Farmland: Imo women in pains over devastation by herdsmen

Scores of women from Amakohia-ubi community in Owerri West Local Government, protesting at the front of Imo Government House. Photo by Chinonso Alozie

Farmers in Imo State, particularly women, said they are in search for an end to the destruction of their farmlands by the dreadful herdsmen.

The women who are from Amakohi-ubi community in Owerri West Local Government Area, led by Betty Uneze, told South-East Voice in Owerri that the damages in their farms by suspected herdsmen have been a recurrent story.

This time around, the women in their hundreds trooped to the Imo Government House to express their dissatisfaction over what they had gone through over time in the hands of the herders.

The first report on the attacks on the farms of Amakohia-ubi community, was in August, 2017.

According to the President-General of the invaded community, Cyril Ndumanya: “What we are seeing in the hands of these herdsmen is causing us unforgettable pains.

“Last month, we reached an agreement to stop this ugly trend but you can see that they have started again. This time around, they have destroyed goods worth millions of naira. No issue of rape and killings but the level of destruction may bring hunger.

“Our cassava, vegetables and maize have been completely destroyed and used by herdsmen to feed their cattle.”

As if that was not enough, South-East Voice was told that the suspected Fulani herdsmen after the report, moved out of the community and after some days, they returned.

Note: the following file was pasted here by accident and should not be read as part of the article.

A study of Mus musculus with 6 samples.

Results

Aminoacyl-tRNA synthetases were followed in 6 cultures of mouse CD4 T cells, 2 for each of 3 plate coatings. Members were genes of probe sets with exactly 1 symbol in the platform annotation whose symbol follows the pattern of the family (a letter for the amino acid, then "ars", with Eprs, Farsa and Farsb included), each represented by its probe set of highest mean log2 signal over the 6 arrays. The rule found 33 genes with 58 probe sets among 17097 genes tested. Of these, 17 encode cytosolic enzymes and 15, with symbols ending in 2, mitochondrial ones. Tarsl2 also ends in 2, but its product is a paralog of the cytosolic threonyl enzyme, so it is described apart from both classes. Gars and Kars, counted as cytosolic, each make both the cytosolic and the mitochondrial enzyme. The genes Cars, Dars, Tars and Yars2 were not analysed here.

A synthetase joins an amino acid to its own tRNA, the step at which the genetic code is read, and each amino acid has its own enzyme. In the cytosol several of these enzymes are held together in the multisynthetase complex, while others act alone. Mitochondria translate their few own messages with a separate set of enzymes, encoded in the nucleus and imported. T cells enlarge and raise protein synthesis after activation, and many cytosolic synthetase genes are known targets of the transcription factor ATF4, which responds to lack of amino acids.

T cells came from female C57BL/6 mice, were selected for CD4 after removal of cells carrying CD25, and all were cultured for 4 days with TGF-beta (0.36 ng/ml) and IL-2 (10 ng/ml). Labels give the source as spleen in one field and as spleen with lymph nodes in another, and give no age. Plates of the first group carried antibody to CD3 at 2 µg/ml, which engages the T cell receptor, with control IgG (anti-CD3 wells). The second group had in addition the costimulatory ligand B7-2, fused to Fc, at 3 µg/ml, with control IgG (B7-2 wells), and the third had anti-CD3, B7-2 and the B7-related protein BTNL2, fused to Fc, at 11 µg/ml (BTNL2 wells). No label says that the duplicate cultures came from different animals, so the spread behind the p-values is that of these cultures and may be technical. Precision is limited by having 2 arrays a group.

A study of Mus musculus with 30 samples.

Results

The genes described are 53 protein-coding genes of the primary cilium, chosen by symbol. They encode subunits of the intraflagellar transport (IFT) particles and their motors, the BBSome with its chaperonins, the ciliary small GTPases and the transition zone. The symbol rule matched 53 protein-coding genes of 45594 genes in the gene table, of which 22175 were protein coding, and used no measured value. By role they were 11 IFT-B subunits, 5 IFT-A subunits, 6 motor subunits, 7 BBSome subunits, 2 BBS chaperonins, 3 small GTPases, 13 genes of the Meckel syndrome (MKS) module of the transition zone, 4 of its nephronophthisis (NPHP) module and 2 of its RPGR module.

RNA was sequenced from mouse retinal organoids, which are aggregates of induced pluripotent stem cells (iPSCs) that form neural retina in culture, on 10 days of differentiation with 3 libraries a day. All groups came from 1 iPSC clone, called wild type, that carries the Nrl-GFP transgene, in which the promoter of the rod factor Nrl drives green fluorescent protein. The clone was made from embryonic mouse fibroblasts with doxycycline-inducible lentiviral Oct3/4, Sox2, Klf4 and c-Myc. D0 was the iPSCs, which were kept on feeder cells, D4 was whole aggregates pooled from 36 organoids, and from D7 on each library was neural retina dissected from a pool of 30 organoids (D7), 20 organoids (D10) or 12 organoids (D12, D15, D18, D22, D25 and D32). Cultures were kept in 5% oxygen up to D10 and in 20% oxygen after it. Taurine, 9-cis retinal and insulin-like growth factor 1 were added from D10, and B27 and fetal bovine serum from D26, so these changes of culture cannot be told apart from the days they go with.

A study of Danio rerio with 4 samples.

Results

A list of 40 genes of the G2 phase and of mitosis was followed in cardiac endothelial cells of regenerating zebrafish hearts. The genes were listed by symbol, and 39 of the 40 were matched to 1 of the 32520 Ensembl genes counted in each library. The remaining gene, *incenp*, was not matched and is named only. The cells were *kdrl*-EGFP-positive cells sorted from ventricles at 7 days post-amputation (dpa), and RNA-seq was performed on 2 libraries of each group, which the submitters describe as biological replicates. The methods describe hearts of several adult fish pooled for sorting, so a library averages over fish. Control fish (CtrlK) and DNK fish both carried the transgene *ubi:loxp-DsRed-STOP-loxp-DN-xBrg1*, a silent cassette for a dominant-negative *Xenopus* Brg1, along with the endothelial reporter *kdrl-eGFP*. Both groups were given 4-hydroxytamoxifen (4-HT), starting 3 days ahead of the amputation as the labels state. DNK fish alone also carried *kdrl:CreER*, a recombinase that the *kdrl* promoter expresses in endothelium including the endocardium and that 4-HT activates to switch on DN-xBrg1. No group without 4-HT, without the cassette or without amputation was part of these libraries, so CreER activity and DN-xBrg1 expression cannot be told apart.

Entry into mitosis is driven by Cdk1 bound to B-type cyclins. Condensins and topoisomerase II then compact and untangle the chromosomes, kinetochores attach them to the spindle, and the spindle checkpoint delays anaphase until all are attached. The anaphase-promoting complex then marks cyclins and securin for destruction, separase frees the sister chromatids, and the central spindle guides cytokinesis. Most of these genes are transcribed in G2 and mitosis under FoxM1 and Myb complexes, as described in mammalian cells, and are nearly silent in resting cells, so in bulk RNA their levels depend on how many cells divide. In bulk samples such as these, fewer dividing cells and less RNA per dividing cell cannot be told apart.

Uneze told South-East Voice that they were faced with unimaginable threats to their lives as their farmlands which remain their main source of food, had been destroyed.

“We are in Imo State Government House to tell our Governor, Rochas Okorocha that Fulani herdsmen have destroyed our farms. This is not the first time it is happening.

“Our farms have been destroyed and we do not know when this suffering will end. As we are talking to you now, the herdsmen are still in our farms. Please, we want them to leave.

“If our grieviaces are not proactively addressed now that it has not gotten to a dangerous point, is it when we are physically attacked and killed that the government will come to our rescue?” asked Uneze.

However, some of the members of the community who spoke to South-East Voice said they were worried over the silence from relevant authorities whom they expected long ago to halt the evil done to them by the suspected Fulani herdsmen.

More worrisome is the fact that there may be possible shortage of food supply in the Amakohi-ubi community as they approach the time for harvest.

They also feared that having suffered several attacks which largely  caused a heavy damage to their farms, they may be heading to a serious food crisis.

Some of them said they were forced to abandon their farmlands due to possible attacks by the herdsmen, while some said that at the moment, they may be persuaded by the unfortunate circumstance to go outside the community to buy cassava and other farm produce for domestic use.

Some of them cried out that the problems in which they currently find themselves, caused by the activities of the cattle rearers, have affected their other plans for the upkeep of their families, as monies budgeted for different projects would likely be channeld to foodstuff.

This was as some viewed their predicament from the number of times they had cried out to the government to put a stop to their agony, adding that the level of insensitivity may have created an impression that they have been abandoned by the government.